Don’t Give Up on a Pay Raise

ARCHIVES

Congress so far has been mum on whether to grant federal employees a pay raise in 2013. That silence, however, doesn’t necessarily mean government workers aren’t going to get one.

The 1990 Federal Employees Pay Comparability Act allows the president through an executive order to set a pay raise for government employees if Congress doesn’t specify one and doesn’t pass legislation prohibiting it. None of the usual spending bills for fiscal 2013 in either chamber contain any provisions related to a pay raise. But they also don’t mention anything about an extended pay freeze either. The House has passed some stand-alone legislation that would prolong the federal civilian salary freeze anywhere from another one to three years.

Unless both chambers pass legislation, either stand-alone or through the annual appropriations process, it’s up to President Obama to decide whether federal employees will receive a pay boost in 2013. Obama, who has until Aug. 31 to officially announce a proposed raise, has recommended a 0.5 percent bump for government workers next year. This summer the White House issued veto threats for fiscal 2013 spending bills, noting among other objections they do not contain a pay raise for civilian employees. The House has approved a 1.7 percent raise for military service members in 2013, as has the Senate Appropriations Committee.

The House has passed six of the 12 fiscal 2013 appropriations bills so far; the Senate is 0 for 12. With only a handful of legislative days on the calendar between now and Sept. 30, it’s likely Congress will pass a continuing resolution to prevent a government shutdown before the elections. Lawmakers reportedly agreed on a six-month stopgap measure before leaving for recess. That bill could contain a provision prohibiting feds from a pay boost, but that’s unlikely. What is more likely is Obama will throw federal workers a bone, despite the government’s budget crisis, and offer them a 0.5 percent raise for next year. That move would carry more political weight than anything else, since many federal employees have said they don’t believe such a small bump would make much difference in their wallets.

Another possibility, which is much less likely, is that Obama and Congress will allow FEPCA to take effect. Under FEPCA, feds’ pay raise for 2013 would be 1.2 percent (the change in the Employment Cost Index, which is 1.7 percent, minus 0.5). The president and Congress, however, usually decide to give feds a pay raise that’s either higher or lower than that formula. Given the political and fiscal environment, the odds are a 2013 pay raise won’t be more generous than Obama’s recommendation. Stay tuned.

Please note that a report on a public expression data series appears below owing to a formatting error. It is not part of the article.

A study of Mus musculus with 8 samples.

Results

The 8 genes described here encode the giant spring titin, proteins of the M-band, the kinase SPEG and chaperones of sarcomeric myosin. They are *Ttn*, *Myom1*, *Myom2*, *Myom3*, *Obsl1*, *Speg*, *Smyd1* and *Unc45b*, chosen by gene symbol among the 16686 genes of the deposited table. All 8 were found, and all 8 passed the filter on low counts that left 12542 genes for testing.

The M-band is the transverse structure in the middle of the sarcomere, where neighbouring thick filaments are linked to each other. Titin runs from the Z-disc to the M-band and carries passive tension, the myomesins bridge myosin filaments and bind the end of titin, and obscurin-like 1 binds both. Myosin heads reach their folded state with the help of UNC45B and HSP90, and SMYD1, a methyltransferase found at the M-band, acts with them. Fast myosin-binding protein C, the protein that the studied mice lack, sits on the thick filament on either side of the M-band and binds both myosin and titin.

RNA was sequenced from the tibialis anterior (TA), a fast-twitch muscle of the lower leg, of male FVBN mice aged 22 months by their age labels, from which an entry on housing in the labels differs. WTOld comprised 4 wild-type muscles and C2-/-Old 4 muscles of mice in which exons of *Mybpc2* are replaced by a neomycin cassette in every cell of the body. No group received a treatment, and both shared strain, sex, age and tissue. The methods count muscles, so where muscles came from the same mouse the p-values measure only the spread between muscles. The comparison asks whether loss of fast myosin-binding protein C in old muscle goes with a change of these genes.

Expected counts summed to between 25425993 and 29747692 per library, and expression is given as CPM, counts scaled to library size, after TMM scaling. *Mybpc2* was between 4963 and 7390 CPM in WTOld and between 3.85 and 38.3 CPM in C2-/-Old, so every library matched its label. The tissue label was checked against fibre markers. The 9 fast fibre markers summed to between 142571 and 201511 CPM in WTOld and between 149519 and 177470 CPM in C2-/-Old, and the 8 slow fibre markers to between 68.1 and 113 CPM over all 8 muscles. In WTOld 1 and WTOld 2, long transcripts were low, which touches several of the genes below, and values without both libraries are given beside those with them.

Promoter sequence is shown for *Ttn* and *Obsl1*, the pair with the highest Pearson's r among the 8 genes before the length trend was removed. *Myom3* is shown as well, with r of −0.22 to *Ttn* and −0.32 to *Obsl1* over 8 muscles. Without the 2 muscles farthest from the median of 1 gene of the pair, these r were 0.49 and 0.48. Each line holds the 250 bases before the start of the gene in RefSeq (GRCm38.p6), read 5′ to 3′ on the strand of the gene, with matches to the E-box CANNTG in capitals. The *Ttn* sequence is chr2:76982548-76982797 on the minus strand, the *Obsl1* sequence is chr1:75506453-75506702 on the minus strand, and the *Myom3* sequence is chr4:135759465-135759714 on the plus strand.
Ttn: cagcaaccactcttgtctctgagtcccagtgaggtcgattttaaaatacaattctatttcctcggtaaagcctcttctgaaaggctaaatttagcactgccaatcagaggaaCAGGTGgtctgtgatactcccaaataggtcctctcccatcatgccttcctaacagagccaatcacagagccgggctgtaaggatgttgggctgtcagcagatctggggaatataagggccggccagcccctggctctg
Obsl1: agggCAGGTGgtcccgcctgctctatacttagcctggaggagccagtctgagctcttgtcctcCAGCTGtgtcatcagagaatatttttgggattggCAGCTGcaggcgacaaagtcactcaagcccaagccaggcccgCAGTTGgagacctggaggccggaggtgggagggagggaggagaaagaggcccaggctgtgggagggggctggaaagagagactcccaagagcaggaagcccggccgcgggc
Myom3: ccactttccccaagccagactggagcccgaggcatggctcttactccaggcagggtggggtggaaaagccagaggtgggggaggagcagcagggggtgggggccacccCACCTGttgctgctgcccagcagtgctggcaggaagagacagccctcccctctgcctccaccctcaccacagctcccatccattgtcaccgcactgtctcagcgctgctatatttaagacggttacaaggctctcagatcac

Burial Rights

The Veterans Affairs Department will provide burial services for vets in rural areas lacking VA or tribal vets’ cemeteries. The Rural Initiative Plan will build small national veterans burial grounds within existing public or private cemeteries in places where the vet population is 25,000 or less within a 75-mile radius, according to a department press release.

The department will create eight such burial grounds in Fargo, N.D.; Rhinelander, Wis.; Cheyenne, Wyo.; Laurel, Mont.; Idaho Falls, Idaho; Cedar City, Utah; Calais, Maine; and Elko, Nev.

“VA will provide a full range of burial options and control the operation and maintenance of these lots. These sections will be held to the same ‘national shrine’ standards as VA-run national cemeteries,” the release said.

Earlier this year, news broke of major problems at VA-run cemeteries, including misplaced headstones and people buried in the wrong plots.

Kellie Lunney covers federal pay and benefits issues, the budget process and financial management. After starting her career in journalism at Government Executive in 2000, she returned in 2008 after four years at sister publication National Journal writing profiles of influential Washingtonians. In 2006, she received a fellowship at the Ohio State University through the Kiplinger Public Affairs in Journalism program, where she worked on a project that looked at rebuilding affordable housing in Mississippi after Hurricane Katrina. She has appeared on C-SPAN’s Washington Journal, NPR and Feature Story News, where she participated in a weekly radio roundtable on the 2008 presidential campaign. In the late 1990s, she worked at the Housing and Urban Development Department as a career employee. She is a graduate of Colgate University.